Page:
Silly me stuck the lid on my cast iron dutch oven, and in that lovely air-tight environment, the seasoning developed a lovely rancid scent. Other than completely stripping the seasoning out of it, how can I restore it? Or just I just throw my roast in it and not worry about it?
I love Chewing the Fat - but I hate watching it in the internet-standard size of minuscule by tiny (and what I assume is the "make this bigger" button doesn't work)! Any plans to switch to a higher-res streaming service like Hulu or Vimeo in the future?
I have an aversion to summer squashes. I grew up with my mom making this terrible zucchini-onion-celery seed dish that tasted of dirt and was incredibly slimy (my stomach turns thinking of it even now, and I haven't even seen the dish in nearly 20 years). Since then, I can't stand to eat them, and even the sight of a sliced squash is enough to make me slightly queasy.
Of course, now the Internets are taunting me with delicious-looking zucchini and summer squash dishes that I want to try, but I don't know if I can quite get past the texture and non-flavor flavor without outright revolt on my body's part.
Anyone have a 12-step program to overcome my aversion (or just some great recipes)? I've gotten past step one: the zucchini bread, but would like to move on to something a little less ... camouflaged. So, Serious Eaters, how do you like your squash?
On the heels of top 10 things you'd never have in the kitchen.... what are some of the things you keep around, even though you're a little embarrassed by it?
1. Pasteurized processed cheese food slices. I prefer it on sandwiches to good cheese; I don't know why. I blame my mother for denying me in my youth.
2. Sugar-coated cereal. Golden Grahams is my favorite, Capt'n Crunch and Cinnamon Toast Crunch are close seconds.
3. Individual Jello cups, the kind with the fruit in them.
4. Instant lemonade mix. It's my roommate's, I swear! Never mind that I make cups of the stuff as well....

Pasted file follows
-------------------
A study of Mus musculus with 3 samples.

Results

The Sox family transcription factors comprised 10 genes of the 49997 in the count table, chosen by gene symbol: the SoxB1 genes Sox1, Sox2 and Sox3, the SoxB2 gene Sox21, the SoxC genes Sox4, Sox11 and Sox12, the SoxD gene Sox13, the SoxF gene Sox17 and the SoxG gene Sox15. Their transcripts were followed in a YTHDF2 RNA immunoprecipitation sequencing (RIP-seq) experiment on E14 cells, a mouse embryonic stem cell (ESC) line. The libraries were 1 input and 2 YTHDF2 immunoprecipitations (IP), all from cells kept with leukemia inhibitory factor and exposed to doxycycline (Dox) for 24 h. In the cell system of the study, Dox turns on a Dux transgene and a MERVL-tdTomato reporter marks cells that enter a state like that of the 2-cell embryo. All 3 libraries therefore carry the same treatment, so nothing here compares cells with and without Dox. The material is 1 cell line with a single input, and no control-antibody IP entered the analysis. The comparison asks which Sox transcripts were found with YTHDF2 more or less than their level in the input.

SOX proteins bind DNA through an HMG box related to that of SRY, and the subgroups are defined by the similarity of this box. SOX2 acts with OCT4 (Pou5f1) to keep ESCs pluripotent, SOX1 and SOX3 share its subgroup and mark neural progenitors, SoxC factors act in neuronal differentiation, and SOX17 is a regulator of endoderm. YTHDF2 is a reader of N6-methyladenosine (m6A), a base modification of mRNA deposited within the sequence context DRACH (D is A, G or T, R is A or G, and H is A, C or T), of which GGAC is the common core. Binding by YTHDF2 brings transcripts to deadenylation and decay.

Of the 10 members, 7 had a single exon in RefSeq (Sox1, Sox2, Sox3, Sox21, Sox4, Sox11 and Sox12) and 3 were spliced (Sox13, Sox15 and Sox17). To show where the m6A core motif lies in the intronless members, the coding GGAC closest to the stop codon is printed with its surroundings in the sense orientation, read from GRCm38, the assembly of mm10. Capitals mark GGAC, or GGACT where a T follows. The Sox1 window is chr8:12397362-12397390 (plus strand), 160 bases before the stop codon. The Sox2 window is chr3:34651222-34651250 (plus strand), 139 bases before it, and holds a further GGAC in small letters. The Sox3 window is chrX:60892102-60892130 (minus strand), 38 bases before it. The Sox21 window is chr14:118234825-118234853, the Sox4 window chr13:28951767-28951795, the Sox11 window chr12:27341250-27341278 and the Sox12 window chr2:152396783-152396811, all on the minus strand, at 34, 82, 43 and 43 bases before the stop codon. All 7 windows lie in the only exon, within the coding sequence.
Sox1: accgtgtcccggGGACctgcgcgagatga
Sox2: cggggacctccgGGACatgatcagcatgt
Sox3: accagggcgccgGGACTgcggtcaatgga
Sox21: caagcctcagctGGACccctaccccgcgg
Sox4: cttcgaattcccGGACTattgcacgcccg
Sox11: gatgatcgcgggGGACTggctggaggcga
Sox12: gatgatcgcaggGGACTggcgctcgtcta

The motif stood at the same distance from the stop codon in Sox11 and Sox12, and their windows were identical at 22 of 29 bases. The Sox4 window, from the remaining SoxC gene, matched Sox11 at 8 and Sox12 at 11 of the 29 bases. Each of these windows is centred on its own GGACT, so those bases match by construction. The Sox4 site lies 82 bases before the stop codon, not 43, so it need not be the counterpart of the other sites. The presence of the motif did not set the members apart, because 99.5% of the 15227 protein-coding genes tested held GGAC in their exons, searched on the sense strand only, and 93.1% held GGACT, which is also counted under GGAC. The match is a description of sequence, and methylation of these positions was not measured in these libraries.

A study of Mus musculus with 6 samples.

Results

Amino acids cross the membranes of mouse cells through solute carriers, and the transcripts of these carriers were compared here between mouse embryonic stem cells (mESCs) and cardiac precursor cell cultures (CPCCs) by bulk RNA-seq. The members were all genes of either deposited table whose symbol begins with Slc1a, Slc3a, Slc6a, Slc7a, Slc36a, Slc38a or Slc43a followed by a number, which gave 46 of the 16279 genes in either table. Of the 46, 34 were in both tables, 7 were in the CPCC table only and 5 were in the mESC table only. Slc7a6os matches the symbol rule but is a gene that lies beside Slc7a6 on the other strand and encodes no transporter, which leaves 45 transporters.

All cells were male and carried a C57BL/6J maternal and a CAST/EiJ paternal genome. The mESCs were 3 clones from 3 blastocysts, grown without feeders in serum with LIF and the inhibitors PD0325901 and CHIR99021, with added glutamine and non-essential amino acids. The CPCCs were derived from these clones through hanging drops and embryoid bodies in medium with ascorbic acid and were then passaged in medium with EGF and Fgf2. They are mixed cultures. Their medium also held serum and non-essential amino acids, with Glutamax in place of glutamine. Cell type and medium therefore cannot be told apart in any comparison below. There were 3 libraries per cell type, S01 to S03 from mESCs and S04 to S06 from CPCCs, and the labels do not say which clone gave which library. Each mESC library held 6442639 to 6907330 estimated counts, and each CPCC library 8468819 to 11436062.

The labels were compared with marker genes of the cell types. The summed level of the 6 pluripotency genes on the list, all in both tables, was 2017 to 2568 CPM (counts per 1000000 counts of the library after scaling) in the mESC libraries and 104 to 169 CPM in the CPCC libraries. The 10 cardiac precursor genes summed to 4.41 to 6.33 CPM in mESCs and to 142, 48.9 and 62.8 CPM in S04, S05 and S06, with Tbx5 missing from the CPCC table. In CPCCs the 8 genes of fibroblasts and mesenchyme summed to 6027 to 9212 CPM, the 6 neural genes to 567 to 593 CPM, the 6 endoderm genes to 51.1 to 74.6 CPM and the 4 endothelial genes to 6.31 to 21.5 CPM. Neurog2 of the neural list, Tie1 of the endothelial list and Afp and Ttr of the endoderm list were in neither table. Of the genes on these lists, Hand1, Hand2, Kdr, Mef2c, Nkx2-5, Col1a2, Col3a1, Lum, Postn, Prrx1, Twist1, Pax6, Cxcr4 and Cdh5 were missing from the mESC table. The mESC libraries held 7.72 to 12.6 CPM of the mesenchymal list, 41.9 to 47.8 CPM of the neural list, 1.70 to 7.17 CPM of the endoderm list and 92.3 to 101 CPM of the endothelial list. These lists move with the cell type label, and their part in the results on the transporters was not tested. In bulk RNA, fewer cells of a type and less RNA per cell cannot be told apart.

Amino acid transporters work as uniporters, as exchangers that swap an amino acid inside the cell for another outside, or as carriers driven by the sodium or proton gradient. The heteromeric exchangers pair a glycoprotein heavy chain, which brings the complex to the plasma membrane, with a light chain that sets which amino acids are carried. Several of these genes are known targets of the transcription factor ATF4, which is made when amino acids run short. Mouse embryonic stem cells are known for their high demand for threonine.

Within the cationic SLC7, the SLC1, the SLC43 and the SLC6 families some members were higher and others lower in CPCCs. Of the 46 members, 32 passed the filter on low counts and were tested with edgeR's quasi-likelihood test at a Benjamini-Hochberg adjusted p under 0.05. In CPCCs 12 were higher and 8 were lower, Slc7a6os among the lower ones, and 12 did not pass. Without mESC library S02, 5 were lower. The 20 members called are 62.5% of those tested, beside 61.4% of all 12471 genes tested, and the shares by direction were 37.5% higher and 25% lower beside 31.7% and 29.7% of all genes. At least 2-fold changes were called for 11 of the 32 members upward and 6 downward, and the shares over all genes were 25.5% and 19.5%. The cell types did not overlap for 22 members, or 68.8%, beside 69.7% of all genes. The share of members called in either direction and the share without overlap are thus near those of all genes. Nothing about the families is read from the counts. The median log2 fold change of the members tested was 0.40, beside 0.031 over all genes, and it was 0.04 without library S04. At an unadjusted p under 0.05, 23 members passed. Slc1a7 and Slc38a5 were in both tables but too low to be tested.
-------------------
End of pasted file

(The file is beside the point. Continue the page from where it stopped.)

5. Lipton iced tea bags - this hangup, I suspect, is uniquely my own. I'm a tea snob, and I always feel a little dirty buying Lipton tea dust. It's like a wine snob buying Boone's Farm.
6. Seasoning salt. I resisted the stuff for years, but now I find it kind of useful on things like chicken breasts and french fries.
7. Canned cream of mushroom soup. Like the French's onions, it's really only used twice a year, for green bean casserole. Yet, for some reason, it's in the pantry year-round....
8. Instant mashed potatoes. Okay, I'm lazy. And it makes an acceptable side with a little sour cream and garlic powder.
9. Bisquick. I don't use it for biscuits or any other advertised usage, I use it for those trashy appetizers that just don't taste right without it.
10. Bush's chili starter. Please see: lazy. But it's also surprisingly good.
I've got fibro and CFIDS, which means that some nights, cooking anything much more complicated than "open box, boil water, mix" is really difficult for me. I'm getting pretty sick of my standard easy meals, and I'm looking for some ideas for more. Rachael Ray is pretty useless, since she doesn't factor in the hour of dishwashing each 30 Minute Meal takes.
Of course, there's a couple of catches. Well, a lot. I'm allergic to MSG, so a lot of normal convenience foods are out. I also try to eat free-range/organically, as I find that makes a huge difference in how I feel. Beef, pork, and eggs are easy to come by; we only eat chicken once a month or so (it's hard for me to cut the thing up). I buy produce seasonally, but have year-round access to things like apples, lettuce, and potatoes. I prefer vegetables steamed or raw; the other doesn't like them much at all (one day I'll change his mind). I'm also allergic to bell peppers, eggplant, and summer squashes. Ideally, I'd like to add some more vegetables or fruit to the party, since I know I don't get my 5 to 9.
After finishing Julie & Julia and reading about Chris Cosentino's & Michael Ruhlman's recent "Head to Tail" dinner (post here, I've found myself interested in learning how to cook offal. I bought a pretty piece of beef liver from our local free-range farmer and I'm looking forward to using it, but... how? I'm a little trepidatious, remembering the foul liver and onions dish my mother made once as a child; but at the same time, remember my first experience with foie gras and how much I loved it. What do I do with it? What can I do to make it tasty instead mushy and funny tasting?
Assuming the other half finds my first attempt at serving offal palatable, anyone have suggestions for what to try next? We're lucky enough to have good connections in the area for local-raised meat, although anything beyond the big three (beef, pork and chicken) can be a little hard to get.
Thoughts? Suggestions? Got a fantastic recipe or a happy offal story you'd be willing to share?